Hawaiians at Harvard, 1908 / 2014.

A Letter From Lands Afar

Cambridge, Mass.,
Nov. 4, 1908.

My beloved father;

For a long time now I have not received a letter from you, and I assume you are in the midst of political battles. I am very interested in the results of the election over there, and I hope very much that you were elected. Please, papa, tell me what became of the elections there. There was not much of great import in the elections here being that it was known in advance that Taft would come out as the new President of America. Taft was elected victoriously, and he was far ahead of his fellow candidates, and maybe you all have heard before the arrival of this letter of mine.

The parade of the Republicans on this past Friday before election day was one of the grandest seen here in the town of Boston. Thousands of students from the colleges joined in this parade, and students from our school, Harvard were out first leading the parade, and I was one among the students marching in this parade beyond compare. We were dressed in crimson caps of the college of Harvard with the school uniform, and each student held a candle in his hand, and the old town of Boston glowed red in its light. The candle-light parade was 11 miles long. We marched on the streets of town, and when we arrived before the Governor, we removed our crimson caps and gave our greetings to the Governor. This was a great parade indeed, and everything went well. It was a Republican Governor that was elected yesterday.

This past Sunday, I saw a great parade of the members of the Catholic faith marching on the street. There were 42,000 who joined in this parade, and there were many bands playing. The newspapers of Boston stated that there were over 600,000 people standing on the sides of the street watching this parade of the Catholics.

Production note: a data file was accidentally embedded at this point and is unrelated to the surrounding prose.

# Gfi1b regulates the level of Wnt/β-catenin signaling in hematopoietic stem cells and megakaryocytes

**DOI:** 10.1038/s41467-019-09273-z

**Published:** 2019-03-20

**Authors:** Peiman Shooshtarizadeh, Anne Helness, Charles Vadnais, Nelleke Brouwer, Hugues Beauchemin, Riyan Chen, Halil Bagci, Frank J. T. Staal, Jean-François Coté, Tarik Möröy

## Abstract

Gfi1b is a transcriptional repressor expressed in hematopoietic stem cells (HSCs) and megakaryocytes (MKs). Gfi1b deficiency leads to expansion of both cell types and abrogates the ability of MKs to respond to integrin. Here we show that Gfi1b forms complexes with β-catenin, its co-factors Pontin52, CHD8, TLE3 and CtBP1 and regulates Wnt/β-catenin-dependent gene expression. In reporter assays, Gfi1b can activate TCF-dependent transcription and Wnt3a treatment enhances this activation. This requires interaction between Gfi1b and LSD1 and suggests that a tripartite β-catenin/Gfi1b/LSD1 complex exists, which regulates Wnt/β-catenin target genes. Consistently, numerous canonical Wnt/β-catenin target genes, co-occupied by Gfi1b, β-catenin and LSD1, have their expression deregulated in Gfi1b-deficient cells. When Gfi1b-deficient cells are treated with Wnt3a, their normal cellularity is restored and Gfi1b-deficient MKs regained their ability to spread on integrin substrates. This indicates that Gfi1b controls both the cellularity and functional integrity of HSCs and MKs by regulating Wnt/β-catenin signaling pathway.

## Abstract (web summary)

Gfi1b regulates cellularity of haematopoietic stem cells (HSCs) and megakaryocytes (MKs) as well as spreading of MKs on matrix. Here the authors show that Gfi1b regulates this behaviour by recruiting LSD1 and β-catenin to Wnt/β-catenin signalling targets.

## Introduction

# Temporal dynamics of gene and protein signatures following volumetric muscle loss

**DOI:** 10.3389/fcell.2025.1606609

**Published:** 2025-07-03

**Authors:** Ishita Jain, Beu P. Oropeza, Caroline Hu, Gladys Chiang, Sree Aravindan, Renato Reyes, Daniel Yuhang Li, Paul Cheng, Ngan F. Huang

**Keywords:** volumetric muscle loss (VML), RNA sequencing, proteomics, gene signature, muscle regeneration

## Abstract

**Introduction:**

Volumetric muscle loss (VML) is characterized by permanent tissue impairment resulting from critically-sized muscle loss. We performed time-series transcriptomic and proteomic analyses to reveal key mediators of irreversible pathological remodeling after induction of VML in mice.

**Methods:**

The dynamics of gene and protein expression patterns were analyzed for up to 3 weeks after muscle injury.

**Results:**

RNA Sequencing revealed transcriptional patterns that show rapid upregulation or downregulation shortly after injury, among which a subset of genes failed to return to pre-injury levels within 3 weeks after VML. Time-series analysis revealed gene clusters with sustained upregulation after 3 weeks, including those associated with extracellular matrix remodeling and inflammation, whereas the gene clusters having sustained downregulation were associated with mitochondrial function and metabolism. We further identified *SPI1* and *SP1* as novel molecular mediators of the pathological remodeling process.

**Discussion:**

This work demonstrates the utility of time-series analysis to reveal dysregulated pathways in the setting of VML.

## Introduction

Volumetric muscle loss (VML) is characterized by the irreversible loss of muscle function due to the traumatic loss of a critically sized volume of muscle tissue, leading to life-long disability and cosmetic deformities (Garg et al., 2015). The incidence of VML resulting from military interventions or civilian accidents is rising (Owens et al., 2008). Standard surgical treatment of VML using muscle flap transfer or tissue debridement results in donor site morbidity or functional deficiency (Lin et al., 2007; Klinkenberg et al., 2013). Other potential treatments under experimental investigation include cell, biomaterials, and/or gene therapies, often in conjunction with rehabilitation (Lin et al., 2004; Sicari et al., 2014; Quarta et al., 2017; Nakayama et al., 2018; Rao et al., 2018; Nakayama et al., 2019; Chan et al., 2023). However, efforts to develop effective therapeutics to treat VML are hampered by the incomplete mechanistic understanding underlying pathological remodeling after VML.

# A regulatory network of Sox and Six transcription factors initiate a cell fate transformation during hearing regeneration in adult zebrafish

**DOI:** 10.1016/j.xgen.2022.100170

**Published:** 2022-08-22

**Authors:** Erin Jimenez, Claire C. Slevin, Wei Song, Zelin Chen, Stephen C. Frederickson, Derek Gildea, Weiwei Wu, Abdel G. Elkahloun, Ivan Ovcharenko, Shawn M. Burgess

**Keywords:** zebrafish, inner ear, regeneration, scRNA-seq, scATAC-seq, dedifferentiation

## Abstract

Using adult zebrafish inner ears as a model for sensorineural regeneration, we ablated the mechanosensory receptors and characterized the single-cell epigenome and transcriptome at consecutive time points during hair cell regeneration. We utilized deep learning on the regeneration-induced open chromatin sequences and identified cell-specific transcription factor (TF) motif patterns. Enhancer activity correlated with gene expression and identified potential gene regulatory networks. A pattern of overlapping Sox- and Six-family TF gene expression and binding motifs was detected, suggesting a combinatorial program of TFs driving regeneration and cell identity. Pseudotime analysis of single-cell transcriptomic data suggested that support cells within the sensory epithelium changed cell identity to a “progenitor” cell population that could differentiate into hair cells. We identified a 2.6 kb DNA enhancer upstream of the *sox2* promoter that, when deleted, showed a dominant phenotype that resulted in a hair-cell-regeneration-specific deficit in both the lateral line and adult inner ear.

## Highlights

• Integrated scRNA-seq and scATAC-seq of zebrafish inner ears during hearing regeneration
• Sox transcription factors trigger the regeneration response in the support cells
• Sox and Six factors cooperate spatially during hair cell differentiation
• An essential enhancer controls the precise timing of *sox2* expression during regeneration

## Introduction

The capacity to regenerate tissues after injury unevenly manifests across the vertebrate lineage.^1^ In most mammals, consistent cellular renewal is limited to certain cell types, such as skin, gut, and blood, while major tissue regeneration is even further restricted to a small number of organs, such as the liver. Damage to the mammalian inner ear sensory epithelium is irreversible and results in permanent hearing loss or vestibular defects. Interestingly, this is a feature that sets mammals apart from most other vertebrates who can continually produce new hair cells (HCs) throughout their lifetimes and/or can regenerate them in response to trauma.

This past Saturday, our school challenged Brown College at football, and our school won, Harvard 6, and Brown 3. There were perhaps 20,000 spectators who went to the game.

I am being asked to join the school club, and this club has yearly dues. Also I was asked to join the Christian Endeavor [Ahahui Hooikaika Pono Kristiano]. There are fees to join, and I became a member because of their enthusiasm with me. However father, I am thinking about the money that I need here in this foreign land. It is demoralizing to think about what we lack, and I thought about coming home, but I thought of you, my “determined parent,” and I decided to persevere through the cold and the troubles of pursuing an education. I am progressing in my studies, and I have no worries there. But I cannot look for a job right now because I have loads of homework, and I want to show the instructors that “I, the Hawaiian, will not fall behind the haole boys.”

My first year was my most troublesome, and I am a bit more used to the cold of this land.

I have a lot of things that I lack, but you taught me, dear father, to persevere.

I have much aloha for my home and parents, but am separated by the many miles.

Much aloha to my ohana and friends from home. Much aloha, my dear parents, and may God guide and bless you all.

Your loving son,

JACK.

[Check out this cool story that appeared in Civil Beat this morning. Students at Harvard today are getting inspiration from a letter found in the Hawaiian-Language Newspapers by another Hawaiian who studied at the same institution more than a hundred years ago! …The “Jack” here, is presumably John Rollin “Jack” Desha, son of the editor of the Hoku o Hawaii, Steven Langhern Desha.

Here is by the way, another Hawaiian at Harvard in 1914, Alsoberry Kaumu Hanchett.

It is unfortunate that the issues of Hoku o Hawaii prior to 1917 (11 years worth) are not available online.]

(Hoku o Hawaii, 11/26/1908, p. 2)

He Leta Mai ka Aina Mamao Mai

Ka Hoku o Hawaii, Buke III, Helu 31, Aoao 2. Novemaba 26, 1908.